Geographic Location Revealed as a Crucial Factor in Healthcare Costs

July 12, 2023A recent comprehensive analysis by the Health Care Cost Institute (HCCI) suggests a continual escalation in healthcare spending. The study also shows median expenses per individual skyrocketing to more than $6,000 in 2021.

From 2017 through 2021, the median per individual healthcare expenditure rose by an impressive 24%, as depicted in the most recent HCCI’s Healthy Marketplace Index. However, a striking variance in healthcare expenses has been observed across different regions. Metropolitan residents with the most elevated utilization rates in 2021 ended up paying nearly triple the cost of healthcare services than their counterparts residing in areas with the lowest utilization rates.

A surge in medical prices was a crucial driver of this increased healthcare spending, which mirrored a 9% rise in average prices and a 14% growth in service use.

The American Medical Association (AMA) findings also align with aligning with the HCCI’s analysis timeframe. Their study indicated that patients’ expenditures in 2021 accounted for $433.2 billion, or 10.2% of the total healthcare spending, 

“High and growing health spending is forcing families, employers, and governments across the country to make difficult tradeoffs,” Katie Martin, HCCI’s president and CEO, said in a statement. “The Healthy Marketplace Index shows that health care costs depend a great deal on where you live, the result of market dynamics like prices, practice patterns, and competition. Therefore, we need a multi-dimensional approach to making [healthcare] more affordable.”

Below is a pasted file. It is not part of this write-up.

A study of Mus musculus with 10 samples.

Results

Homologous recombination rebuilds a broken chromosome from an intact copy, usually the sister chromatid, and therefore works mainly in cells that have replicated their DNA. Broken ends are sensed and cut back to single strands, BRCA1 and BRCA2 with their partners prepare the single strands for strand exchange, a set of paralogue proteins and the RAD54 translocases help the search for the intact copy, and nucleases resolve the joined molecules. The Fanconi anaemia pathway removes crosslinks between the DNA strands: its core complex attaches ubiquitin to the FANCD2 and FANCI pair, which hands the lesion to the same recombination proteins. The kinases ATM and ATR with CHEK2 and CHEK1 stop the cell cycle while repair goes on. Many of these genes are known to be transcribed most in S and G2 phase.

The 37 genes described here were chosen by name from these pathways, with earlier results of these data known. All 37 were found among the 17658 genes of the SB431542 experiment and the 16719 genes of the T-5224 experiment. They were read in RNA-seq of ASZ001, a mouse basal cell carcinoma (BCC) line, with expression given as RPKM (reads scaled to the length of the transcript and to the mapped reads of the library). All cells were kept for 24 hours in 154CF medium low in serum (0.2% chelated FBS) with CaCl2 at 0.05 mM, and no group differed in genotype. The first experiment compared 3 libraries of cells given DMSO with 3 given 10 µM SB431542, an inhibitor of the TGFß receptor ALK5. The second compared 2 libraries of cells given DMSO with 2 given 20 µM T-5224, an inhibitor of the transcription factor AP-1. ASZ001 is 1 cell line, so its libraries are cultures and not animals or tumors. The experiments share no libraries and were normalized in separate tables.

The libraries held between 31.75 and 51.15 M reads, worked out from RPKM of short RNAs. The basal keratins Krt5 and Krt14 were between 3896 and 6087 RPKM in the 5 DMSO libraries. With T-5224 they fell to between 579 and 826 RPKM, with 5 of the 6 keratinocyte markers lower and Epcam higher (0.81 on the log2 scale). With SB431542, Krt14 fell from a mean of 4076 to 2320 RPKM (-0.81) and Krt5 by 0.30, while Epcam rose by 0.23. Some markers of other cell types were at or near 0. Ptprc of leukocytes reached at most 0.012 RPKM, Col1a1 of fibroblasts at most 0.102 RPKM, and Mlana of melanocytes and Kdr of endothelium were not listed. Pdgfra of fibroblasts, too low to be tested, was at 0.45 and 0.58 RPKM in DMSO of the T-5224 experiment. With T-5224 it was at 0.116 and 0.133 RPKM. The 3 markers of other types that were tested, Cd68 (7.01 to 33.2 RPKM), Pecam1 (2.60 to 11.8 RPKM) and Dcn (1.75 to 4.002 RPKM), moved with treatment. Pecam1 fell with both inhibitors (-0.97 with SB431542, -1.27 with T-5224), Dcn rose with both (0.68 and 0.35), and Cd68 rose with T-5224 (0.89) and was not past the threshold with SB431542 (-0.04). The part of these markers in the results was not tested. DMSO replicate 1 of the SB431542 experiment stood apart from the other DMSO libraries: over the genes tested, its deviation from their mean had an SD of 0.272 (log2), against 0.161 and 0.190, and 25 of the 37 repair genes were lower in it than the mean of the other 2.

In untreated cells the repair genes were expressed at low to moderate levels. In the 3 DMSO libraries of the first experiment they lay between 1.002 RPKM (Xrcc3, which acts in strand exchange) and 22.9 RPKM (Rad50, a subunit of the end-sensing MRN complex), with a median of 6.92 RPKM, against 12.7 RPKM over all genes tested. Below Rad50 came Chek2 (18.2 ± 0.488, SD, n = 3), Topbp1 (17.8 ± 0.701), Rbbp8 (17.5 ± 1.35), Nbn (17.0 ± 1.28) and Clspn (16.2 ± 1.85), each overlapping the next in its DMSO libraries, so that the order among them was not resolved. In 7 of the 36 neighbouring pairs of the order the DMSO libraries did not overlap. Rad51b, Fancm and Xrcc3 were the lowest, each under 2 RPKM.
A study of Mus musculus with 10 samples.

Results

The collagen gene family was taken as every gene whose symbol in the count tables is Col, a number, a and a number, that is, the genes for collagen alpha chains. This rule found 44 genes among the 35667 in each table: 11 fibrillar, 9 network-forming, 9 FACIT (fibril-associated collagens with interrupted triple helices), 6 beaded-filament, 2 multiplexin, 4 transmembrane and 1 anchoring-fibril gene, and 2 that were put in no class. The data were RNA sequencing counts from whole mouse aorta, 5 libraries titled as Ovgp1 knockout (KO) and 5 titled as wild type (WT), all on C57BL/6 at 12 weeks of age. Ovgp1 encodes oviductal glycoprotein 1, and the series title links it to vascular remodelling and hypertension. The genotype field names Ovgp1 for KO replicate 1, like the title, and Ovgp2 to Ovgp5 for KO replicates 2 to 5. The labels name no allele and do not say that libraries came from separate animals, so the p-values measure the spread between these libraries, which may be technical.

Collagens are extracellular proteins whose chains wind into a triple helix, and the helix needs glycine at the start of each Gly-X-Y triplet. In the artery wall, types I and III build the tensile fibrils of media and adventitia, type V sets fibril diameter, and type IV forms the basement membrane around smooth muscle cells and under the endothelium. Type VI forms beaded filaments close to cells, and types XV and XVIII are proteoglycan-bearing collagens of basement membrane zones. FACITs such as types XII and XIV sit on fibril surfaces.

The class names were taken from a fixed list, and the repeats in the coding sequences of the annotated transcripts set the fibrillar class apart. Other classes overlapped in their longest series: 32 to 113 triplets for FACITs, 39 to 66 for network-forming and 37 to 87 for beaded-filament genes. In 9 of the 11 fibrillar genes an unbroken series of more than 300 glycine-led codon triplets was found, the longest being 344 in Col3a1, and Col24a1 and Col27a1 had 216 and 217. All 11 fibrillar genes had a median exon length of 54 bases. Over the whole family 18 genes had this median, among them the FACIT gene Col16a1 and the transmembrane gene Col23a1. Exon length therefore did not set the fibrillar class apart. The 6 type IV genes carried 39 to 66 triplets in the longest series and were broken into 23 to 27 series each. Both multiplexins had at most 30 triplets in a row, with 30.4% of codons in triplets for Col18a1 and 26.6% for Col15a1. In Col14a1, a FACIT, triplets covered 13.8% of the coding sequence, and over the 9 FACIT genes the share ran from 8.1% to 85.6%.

The report also highlighted how market consolidation continues to significantly shape medical prices and overall healthcare spending. According to the Healthy Marketplace Index, most hospital markets in 2021 lacked competition, and approximately two-thirds of the 183 metropolitan regions studied became less competitive over time.

A study by Health Affairs published in May 2022 demonstrated that vertical consolidation (e.g., health systems acquiring physician practices) led to a 12% increase in primary care physician prices and a 6% uptick in specialist prices. The report found that larger metropolitan areas like San Francisco, New York City, and Philadelphia exhibited less concentration in hospital markets. On the other hand, smaller metropolitan areas with populations less than 350,000 in 2021, like Johnson City and Kingsport in Tennessee, and Wilmington in North Carolina, were among the most concentrated areas.

Another significant factor in market consolidation as per HCCI could be the extent to which patients from one metropolitan region seek medical care in a neighboring area.

With recent projections from federal actuaries forecasting healthcare to account for nearly 20% of gross domestic product (GDP) by 2031, it is expected that healthcare spending will continue its upward trajectory.

To facilitate a thorough understanding of these trends, the HCCI’s Healthy Marketplace Index offers interactive reports that allow for price and hospital market concentration comparisons across metropolitan areas.

Read the full study by clicking here.